I found this Christmas card among my grandmother Velma’s papers. I’d known that cross-word puzzles were very popular in the 1920s, but this is the first time I’ve ever seen a cross-word Christmas card. “Ronald” was my grandfather, but there is no indication whether the card was to him or from him.
Frederick Lewis Allen wrote about the cross-word puzzle craze in his social history of the 1920s, Only Yesterday: An Informal History of the 1920’s:
Within a month this odd-looking volume [THE CROSS-WORD PUZZLE BOOK] with a pencil attached to it had become a best seller. By the following winter  its sales had mounted into the hundreds of thousands, other publishers were falling over themselves to get out books which would reap an advantage from the craze, it was a dull newspaper that did not have its daily puzzle, sales of dictionaries were bounding, there was a new demand for that ancient and honorable handmaid of the professional writer, Roget’s Thesaurus, a man had been sent to jail in New York for refusing to leave a restaurant after four hours of trying to solve a puzzle, and Mrs. Mary Zoaba of Chicago was reported to be a “cross-word widow,” her husband apparently being so busy with puzzles that he had no time to support her.1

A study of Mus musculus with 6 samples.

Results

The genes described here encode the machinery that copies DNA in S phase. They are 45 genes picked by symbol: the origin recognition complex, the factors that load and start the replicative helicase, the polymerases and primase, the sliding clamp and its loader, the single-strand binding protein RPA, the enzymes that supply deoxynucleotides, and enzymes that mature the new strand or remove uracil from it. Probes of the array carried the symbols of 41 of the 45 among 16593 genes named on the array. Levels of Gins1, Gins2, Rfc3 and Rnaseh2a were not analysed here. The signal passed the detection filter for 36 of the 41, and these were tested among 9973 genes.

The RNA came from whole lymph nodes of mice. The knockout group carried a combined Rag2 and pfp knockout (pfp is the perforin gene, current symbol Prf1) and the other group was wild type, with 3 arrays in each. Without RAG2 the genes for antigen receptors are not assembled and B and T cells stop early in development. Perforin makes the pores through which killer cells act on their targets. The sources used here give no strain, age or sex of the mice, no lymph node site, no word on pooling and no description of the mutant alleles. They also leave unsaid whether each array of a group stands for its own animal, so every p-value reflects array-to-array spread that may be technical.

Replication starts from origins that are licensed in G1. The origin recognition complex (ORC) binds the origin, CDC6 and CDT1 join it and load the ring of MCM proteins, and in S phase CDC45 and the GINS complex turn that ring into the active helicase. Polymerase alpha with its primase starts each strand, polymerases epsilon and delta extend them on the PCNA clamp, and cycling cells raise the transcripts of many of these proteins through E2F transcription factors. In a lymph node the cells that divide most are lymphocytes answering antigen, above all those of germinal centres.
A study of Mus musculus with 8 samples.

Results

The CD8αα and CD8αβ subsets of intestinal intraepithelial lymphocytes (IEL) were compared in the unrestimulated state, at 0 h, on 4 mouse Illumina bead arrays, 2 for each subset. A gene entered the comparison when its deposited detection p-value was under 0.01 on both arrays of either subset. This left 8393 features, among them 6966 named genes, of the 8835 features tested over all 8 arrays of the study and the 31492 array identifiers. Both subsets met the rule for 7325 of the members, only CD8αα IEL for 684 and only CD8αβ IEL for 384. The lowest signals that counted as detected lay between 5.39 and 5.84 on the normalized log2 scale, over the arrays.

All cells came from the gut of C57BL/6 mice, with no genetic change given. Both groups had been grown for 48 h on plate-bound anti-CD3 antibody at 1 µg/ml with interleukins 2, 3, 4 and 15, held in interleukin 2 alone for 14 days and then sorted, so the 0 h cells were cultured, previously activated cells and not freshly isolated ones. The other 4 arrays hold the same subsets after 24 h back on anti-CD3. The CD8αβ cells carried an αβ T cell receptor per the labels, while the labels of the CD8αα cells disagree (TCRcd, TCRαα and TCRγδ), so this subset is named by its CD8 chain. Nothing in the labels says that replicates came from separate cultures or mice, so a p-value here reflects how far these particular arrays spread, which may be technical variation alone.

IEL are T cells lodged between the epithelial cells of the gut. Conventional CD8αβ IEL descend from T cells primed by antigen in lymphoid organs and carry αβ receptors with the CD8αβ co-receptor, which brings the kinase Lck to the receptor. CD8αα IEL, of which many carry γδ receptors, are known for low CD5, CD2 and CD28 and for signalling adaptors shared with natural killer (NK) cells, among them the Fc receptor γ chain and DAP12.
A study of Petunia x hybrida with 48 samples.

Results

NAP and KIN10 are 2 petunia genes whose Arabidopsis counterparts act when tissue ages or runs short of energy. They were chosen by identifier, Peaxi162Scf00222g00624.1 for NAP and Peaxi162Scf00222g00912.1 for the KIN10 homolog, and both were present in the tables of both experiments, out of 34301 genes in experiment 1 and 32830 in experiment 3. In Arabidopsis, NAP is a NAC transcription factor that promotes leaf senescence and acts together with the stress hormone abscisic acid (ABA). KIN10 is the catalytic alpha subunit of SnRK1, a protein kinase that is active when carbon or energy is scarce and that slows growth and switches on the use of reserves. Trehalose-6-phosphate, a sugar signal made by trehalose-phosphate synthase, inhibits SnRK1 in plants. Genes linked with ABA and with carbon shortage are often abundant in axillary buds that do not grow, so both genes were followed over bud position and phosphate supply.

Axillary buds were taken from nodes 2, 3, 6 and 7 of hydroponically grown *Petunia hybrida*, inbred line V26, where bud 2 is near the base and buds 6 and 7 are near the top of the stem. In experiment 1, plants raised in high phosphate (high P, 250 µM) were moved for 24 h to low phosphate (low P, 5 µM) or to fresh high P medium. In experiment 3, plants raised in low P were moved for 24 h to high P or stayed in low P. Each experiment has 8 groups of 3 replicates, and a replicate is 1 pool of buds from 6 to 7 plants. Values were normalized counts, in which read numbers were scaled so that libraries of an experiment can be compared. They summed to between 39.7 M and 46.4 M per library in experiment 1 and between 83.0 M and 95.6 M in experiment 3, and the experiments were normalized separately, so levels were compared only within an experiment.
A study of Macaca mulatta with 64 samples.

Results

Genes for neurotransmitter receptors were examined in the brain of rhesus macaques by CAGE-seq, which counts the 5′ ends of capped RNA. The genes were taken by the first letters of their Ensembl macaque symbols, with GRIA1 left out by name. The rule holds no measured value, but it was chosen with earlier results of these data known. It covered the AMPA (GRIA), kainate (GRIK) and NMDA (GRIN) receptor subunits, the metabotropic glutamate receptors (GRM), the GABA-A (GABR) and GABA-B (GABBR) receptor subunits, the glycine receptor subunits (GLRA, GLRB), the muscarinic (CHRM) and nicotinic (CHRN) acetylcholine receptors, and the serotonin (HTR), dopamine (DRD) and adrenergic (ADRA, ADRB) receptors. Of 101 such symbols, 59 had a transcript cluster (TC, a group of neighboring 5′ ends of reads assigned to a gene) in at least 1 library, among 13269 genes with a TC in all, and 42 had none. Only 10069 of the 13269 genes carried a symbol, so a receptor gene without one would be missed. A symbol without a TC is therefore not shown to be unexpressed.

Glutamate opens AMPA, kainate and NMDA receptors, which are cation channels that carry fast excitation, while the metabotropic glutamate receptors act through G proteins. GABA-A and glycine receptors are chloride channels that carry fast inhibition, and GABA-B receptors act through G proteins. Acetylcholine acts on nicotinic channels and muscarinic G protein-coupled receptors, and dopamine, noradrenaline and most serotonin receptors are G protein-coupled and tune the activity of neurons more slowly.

If you have an interest in what daily life for the average American was like in the 1920s, I highly recommend Only Yesterday. In addition to the informative content, it’s a fun read! Here is a link to a digitized version on the University of Virginia’s website: http://xroads.virginia.edu/~hyper/allen/cover.html.
1Frederick Lewis Allen, Only Yesterday: An Informal History of the 1920’s (New York: Harper & Row, 1931) 159.